Weight training in baseball-What is appropriate?

Wednesday, Dec. 26th 2012

For this weeks blog on advanced hitting our focus will be on an article written by Dana Cavalea, a strength and conditioning coach in the New York Yankees organization, entitled Machine Training vs. Free Weight Training.. Train to Move! Weight training in baseball is a controversial topic and most often comes up as your young baseball player moves into high school. Cavalea’s stance is that there is no comparison between free weights and machine training; free weights win every time. From Cavalea’s perspective, you look at the sport of baseball and observe that the sport is played while you stand on your two feet. Consequently your training regiments should duplicate your on field actions. Cavalea’s more specific argument can be summed, in Machine Training vs. Free Weight Training.. Train to Move!, when he says:

If we are using machines, we are able to strengthen a muscle most likely in isolation, and are limiting the amount of stabilizer activity that would be necessary if we were using free weights. As an example, a leg press requires very little stabilization because the back pad works to lock in our spinal column, whereas during a standing squat, we are forced to activate our core musculature or else our upper body will collapse. With the free weight exercises we are getting more “bang for the buck” and strengthening the body in positions it will be placed in on the field.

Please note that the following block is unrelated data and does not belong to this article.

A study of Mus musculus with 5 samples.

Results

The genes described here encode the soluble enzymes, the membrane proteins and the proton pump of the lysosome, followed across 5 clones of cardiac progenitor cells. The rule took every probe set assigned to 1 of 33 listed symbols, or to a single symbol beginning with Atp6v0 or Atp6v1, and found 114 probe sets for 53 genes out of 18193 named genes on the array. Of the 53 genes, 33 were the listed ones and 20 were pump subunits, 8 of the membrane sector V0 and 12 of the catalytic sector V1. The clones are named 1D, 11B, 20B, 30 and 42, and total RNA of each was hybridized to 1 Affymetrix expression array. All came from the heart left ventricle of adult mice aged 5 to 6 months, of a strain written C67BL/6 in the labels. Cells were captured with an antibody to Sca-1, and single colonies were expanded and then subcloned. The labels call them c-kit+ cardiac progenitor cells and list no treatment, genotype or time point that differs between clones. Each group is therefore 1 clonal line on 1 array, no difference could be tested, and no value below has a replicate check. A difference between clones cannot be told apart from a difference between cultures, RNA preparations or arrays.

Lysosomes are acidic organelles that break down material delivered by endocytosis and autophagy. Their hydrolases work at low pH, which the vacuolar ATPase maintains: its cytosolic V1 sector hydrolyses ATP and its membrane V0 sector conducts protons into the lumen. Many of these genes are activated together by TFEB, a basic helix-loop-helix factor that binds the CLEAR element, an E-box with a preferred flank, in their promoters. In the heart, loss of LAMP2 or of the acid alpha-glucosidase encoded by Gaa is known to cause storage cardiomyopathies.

The perspective that Cavalea takes in his article is a breath of fresh air. Cavalea believes passionately that free weight training is the correct approach to baseball strength conditioning, but believes people should come to this conclusion on their own analysis.  “Analyze the movements that take place in your sport then compare your program to these movements and see if you are incorporating these planes of movement in your program,” says Cavalea. You never find yourself on your back, like you do when you do leg press or bench press, in baseball. Consequently these motions are unlikely to help you gain a functional strength for baseball. That is all the analysis Cavalea needs.